At the Tip of the Philippines

August 25, 2010 Travel

Want to really get away from it all?  This is the farthest island you can go to up north without needing your passport.  

Itbayat is the country's last inhabited island.  It is only about 200 kilometers from the southernmost tip of Taiwan.  It is also Batanes' largest island.  The municipality also includes Diogo, Siayan, Maysanga, Mabudis, North and Mavudis Islands.  

Mavudis, also known as Y'ami, is the northernmost island of the Philippines.

Getting there

From the airport in Basco, Batanes, we went straight to the port.  Anton, our friend from Mahatao, made sure the faluwa waited for us.  I knew it wasn't enough time for my antihistamine to work.

Faluwas are motorized boats in Batanes used in the islands to transport goods and people.  It doesn't have katigs or balance beams.

The three-hour ride at a faluwa felt like an eternity on a sea rollercoaster. The faluwa didn't have seats so I experienced being tossed and turned while lying, standing and sitting. None of these positions could calm my tempestuous stomach, so I learned a new skill, swallowing my vomit before it comes out. Yet, they told me it was a relatively calm sea that day.

The worst didn't come until I was told by one of the boatmen when we reached Chinapoliran port that I had to jump to get off. I had to command the whole universe to work with me as I mustered enough courage to jump off the faluwa at the exact point it collided with the ledge, while my head was spinning.

Well, I really didn't have to as one of the boatmen just decided to push me. As soon as I hit land, I ran like crazy to the farthest point my feet could take me at that steep port, away from the waters.

That was what it took for me to reach the country's last frontier.

The Gentle Island

Not a lot of Batanes' tourists visit Itbayat and I see why. Even the massive limestone cliffs surrounding the island seem to be as forbidding as the turbulent seas. But the land it cradles is the opposite, for it is total serenity.

Itbayat is an uplifted coral reef in the shape of a shallow bowl filled with gently sloping hills and verdant land.

It didn't take much time before the calmness of the surroundings crept through me. 

I was in Itbayat to accompany a good friend who is visiting the place where his mom was born. We were also with a friend who frequents Batanes but has also never been to Itbayat.

Maybe the welcome accorded to the homecoming of its son affected me so much that I actually felt peaceful and at home. It was like I was looking at land I also belong to.

Our three days were spent getting to know my friend's relatives, which seemed like everybody in Sta. Maria, including the owners of the guesthouse where we stayed, the proprietor of Laruz Carinderia, and the old Spanish priest, Fr. Dennis who lived in Itbayat for more than 40 years.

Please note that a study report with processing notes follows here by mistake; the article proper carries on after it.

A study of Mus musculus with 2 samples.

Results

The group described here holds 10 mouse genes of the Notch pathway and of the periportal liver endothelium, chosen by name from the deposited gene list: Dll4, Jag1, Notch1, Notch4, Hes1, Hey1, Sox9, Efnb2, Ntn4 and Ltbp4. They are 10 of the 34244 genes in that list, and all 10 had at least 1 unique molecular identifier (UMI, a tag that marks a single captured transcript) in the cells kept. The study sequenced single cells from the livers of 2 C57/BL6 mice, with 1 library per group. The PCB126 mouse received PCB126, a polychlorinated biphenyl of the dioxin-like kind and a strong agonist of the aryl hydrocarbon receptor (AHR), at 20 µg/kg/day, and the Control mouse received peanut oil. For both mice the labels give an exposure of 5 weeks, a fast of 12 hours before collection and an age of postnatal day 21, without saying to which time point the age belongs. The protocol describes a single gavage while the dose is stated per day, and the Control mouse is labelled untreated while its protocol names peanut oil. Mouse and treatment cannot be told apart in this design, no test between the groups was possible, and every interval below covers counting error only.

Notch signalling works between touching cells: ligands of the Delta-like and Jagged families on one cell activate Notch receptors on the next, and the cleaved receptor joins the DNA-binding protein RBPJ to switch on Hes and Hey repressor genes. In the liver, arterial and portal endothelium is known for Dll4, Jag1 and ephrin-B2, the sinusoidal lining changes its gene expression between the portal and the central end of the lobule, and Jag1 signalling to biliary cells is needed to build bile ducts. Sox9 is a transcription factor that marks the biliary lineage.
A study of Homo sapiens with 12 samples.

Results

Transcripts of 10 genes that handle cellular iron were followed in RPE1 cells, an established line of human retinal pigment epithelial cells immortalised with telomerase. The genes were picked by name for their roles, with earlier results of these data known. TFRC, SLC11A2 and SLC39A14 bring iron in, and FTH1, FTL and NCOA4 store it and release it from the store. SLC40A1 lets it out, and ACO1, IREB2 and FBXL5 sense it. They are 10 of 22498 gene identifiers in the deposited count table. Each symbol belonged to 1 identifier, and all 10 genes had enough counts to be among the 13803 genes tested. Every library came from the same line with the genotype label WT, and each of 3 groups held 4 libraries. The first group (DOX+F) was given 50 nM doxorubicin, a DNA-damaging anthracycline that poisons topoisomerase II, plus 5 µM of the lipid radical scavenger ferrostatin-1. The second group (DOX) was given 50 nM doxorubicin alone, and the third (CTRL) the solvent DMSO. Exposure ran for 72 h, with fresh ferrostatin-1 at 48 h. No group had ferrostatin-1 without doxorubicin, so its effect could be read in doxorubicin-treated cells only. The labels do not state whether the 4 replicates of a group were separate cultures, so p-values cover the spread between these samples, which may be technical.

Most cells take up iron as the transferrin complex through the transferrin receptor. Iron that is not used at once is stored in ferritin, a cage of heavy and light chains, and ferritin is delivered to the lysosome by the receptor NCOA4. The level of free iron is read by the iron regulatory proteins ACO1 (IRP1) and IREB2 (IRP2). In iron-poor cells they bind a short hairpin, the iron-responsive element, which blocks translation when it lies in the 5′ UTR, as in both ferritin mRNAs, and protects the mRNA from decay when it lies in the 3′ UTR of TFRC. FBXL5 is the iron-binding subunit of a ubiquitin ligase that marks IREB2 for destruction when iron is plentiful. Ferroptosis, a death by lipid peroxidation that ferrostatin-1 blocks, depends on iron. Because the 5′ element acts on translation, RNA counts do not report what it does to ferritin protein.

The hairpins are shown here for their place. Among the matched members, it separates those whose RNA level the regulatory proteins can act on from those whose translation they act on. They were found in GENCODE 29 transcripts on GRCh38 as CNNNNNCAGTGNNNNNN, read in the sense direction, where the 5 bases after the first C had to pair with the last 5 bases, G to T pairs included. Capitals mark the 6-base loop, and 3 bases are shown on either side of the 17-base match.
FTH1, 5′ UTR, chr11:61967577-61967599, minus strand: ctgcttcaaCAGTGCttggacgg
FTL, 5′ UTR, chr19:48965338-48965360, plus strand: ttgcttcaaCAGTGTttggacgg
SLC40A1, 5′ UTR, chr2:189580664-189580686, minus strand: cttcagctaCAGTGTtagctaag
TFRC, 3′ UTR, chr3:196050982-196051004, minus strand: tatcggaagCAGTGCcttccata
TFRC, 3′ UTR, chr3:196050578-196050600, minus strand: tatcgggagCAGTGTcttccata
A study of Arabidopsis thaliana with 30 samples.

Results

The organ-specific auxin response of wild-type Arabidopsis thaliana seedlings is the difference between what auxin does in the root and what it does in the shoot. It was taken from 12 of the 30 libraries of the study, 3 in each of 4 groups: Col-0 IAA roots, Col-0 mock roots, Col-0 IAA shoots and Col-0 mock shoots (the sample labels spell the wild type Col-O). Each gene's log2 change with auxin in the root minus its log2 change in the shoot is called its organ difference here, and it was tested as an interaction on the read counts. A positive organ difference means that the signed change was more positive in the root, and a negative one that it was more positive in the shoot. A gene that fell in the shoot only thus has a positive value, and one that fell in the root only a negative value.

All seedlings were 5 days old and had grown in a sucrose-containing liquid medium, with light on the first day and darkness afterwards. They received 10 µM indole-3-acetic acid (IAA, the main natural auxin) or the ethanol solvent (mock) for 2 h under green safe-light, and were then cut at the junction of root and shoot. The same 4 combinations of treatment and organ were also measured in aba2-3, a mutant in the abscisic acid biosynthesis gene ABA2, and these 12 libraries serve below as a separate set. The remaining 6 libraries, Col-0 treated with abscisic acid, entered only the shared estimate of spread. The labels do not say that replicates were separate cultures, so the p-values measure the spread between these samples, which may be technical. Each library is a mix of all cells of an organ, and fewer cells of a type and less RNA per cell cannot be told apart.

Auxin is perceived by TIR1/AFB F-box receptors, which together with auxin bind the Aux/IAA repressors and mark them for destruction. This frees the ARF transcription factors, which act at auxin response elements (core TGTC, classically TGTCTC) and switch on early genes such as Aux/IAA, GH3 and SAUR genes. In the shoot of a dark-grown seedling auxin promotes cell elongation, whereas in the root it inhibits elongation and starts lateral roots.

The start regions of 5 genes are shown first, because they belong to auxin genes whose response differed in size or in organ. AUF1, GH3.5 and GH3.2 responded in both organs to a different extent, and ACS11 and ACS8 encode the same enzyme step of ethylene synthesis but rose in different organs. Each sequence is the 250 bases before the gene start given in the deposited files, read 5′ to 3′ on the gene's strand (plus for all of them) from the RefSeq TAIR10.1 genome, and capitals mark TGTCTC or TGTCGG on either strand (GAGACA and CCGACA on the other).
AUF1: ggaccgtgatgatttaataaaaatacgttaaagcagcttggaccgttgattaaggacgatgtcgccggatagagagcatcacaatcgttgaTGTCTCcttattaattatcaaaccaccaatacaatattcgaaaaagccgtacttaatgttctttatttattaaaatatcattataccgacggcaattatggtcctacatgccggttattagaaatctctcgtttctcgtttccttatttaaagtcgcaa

I was surprised to find out that men and women still sit separately during mass here at the church.

I was amazed by their hospitality, which came to the point of them apologizing to us for only affording a really humble meal in one of our picnics on the hills. The humble meal just happened to be two big fat lobsters.

We spent an afternoon strolling along the nearby fields, then ending up at the town center just in time for the end of classes. We saw students with bolos tucked in their waists.  My friend explained that most kids drop by their farms before or after class.  

Our sunsets were spent on top of a hill that afforded a view of the surrounding islets like Y'ami and Mavudis. Over beer, home cooked meals, and music from our ipod, we listened to the catch-up stories of our friend and his relatives.

It was during our last night on the island that I felt the fear and at the same time the pain of saying goodbye. I chose to remain sober, for several reasons. First, I did not wish to throw up in the boat ride back to Basco and second, I wanted to remember every tranquil moment at our hill.

Leaving Itbayat

Our journey back to Basco was as eventful.

When I woke up, I was told that we couldn’t ride the faluwa because the Taiwanese tourists chartered the whole boat. They didn't even allow a sick man to board the faluwa. That was followed by good news, however. Batanes Air was conducting a test flight.

Good thing the place where we stayed were also the contacts of Batanes Air, so we got the three available seats.

We rode on habal habals to the airport.  It was a very scenic ride.  We got to see the rest of the beautiful island.

The first sight of the plane was instant joy. As soon as we lugged our baggage in the plane's compartment (yes, it was a self-service plane), I was 100% sure I was going back to Basco via air. 

We took our last look at our island, and as soon as the captain switched off the seatbelt sign,  I dozed off to sleep.

Kidding. It was a really small plane.